If most projections are correct, there are some torrid times ahead.
Last week saw release of the last of the 2018 reports from the institutions that take Earth’s temperature. Their unanimous diagnosis: we are running a high fever, with worse to come.
All the world’s big public bodies assessing global data – the World Meteorological Organisation and government agencies in the US, Japan and Europe – have determined that 2015, 2016, 2017 and 2018 are the warmest four years since records began in the 1800s.
The five main public data repositories are the UK’s Met Office and Climate Research Unit at the University of East Anglia, Copernicus (European Union), NASA and the National Climate Data Center (US), and the Japan Meteorological Agency. Berkeley Earth, a privately-funded research centre in California, offers an independent non-government assessment.
Despite a wide disparity in data sources and methodologies, the findings of all sources correlate closely with each other. All show strong warming since the late 1970s, with notable rises in the late 1990s and in the past seven years.
Last year was generally ranked fourth among the four hottest years, but that was little consolation considering that all of them were well above everything that had gone before.
Berkeley Earth pointed out that in a stable climate just 2.5 per cent of Earth’s surface would typically experience very high temperatures. In 2018 that figure stood at 44 per cent.
The year saw new temperature records set in the north Atlantic, Europe and the eastern Mediterranean, the western Pacific including parts of New Zealand, and inland Antarctica.
The Middle East’s exceptionally warm year doubtless contributed to continuing unrest in that region, and extreme warming in the Arctic led to further significant loss of ice from land and sea.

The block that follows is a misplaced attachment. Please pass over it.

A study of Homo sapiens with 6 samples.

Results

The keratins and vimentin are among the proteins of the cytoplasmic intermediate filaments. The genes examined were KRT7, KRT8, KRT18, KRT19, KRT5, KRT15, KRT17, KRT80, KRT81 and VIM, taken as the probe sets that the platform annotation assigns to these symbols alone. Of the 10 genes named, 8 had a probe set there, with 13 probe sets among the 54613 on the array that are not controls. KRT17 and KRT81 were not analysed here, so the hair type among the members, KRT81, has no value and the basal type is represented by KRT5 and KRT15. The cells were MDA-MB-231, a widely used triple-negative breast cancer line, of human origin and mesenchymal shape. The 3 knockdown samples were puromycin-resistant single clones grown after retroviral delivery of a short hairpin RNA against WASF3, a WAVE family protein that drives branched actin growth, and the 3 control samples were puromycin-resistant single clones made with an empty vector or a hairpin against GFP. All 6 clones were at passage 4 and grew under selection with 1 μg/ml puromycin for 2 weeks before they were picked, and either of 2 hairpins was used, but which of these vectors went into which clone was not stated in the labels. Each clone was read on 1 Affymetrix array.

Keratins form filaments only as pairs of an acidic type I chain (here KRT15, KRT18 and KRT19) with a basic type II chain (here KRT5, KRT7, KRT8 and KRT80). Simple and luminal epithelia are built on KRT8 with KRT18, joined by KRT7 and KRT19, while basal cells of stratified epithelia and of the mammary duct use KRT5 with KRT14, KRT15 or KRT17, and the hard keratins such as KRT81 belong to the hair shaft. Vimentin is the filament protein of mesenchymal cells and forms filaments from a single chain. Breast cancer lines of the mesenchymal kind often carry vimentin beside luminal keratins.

So will the present strong warming trend continue, and for how long?
Most agencies’ modelling indicates that next year’s mean temperature will be high and that within five years we may briefly be as much as 1.5C above pre-industrial levels, which most scientists would regard as dangerous territory.
Not everyone agrees. James Hansen, former NASA chief climate scientist and still practising his trade, believes that an anticipated El Nino weather event may be weak and short-lived and that a developing solar minimum will be strong and prolonged, keeping temperatures below record levels.
The fact that annual temperature summaries are released in the northern winter must make it hard for some northern citizens, including President Trump, to appreciate the fact of global warming. That shouldn’t be an issue here, especially after this year’s overheated Australian summer.
Australia’s Climate Council, a crowd-funded body of experts set up in 2013 after Tony Abbott’s government abolished the Climate Commission, reports a big rise in extreme weather events here in recent years.
In 2018 Australia experienced exceptional heat across the inland and the south-east, drought from South Australia through the Murray-Darling basin to southern Queensland, severe bushfires in five states and intense rainfall triggering floods in Tasmania, Queensland and Western Australia.
The Council reported that Australia’s average air temperature in 2018 was 1.14C above the 1961-1990 average, making last year the third hottest on record. Nine of our 10 hottest years have occurred since 2000, and heat records have exceeded cold ones 12 times over.
The Climate Council cited business records held by the German reinsurance giant Munich RE showing that whereas in the 1980s there were between 200 and 300 natural catastrophes globally, since 2000 that figure has averaged above 500, and since 2014 above 700.
Similarly, NOAA reports a strong rise in the US in the number of billion-dollar weather disasters (CPI-adjusted) since 2010. The cost in 2018 was more than double the post-1980 annual average, with coastal storms doing most of the damage.
Coastal real estate could bring a massive economic hit. Demand has pushed up its money value both here and in the US, which means a much greater loss when storms arrive. Properties on vulnerable coasts will inevitably become uninsurable, if they’re not already.
As for the longer term, the most reliable guide is the carbon dioxide concentration in the atmosphere. Copernicus relies on satellite observations, which yield a lower CO2 count than surface observatories because they analyse the whole air column, not just CO2-rich surface air.
Even so, Copernicus has atmospheric CO2 in 2018 averaging 406.7 ppm, about 45 per cent higher than pre-industrial levels. More disturbing is the rate of growth, which in 2017 we had cause to think was declining. Instead, in 2018 it rose by 19 per cent.
Decades of warnings about a destabilised climate come down to this: the only action that really matters is cutting fossil fuel emissions rapidly and decisively. Government protests about “meeting targets” are a distraction. In the circumstances that amounts to to gross negligence.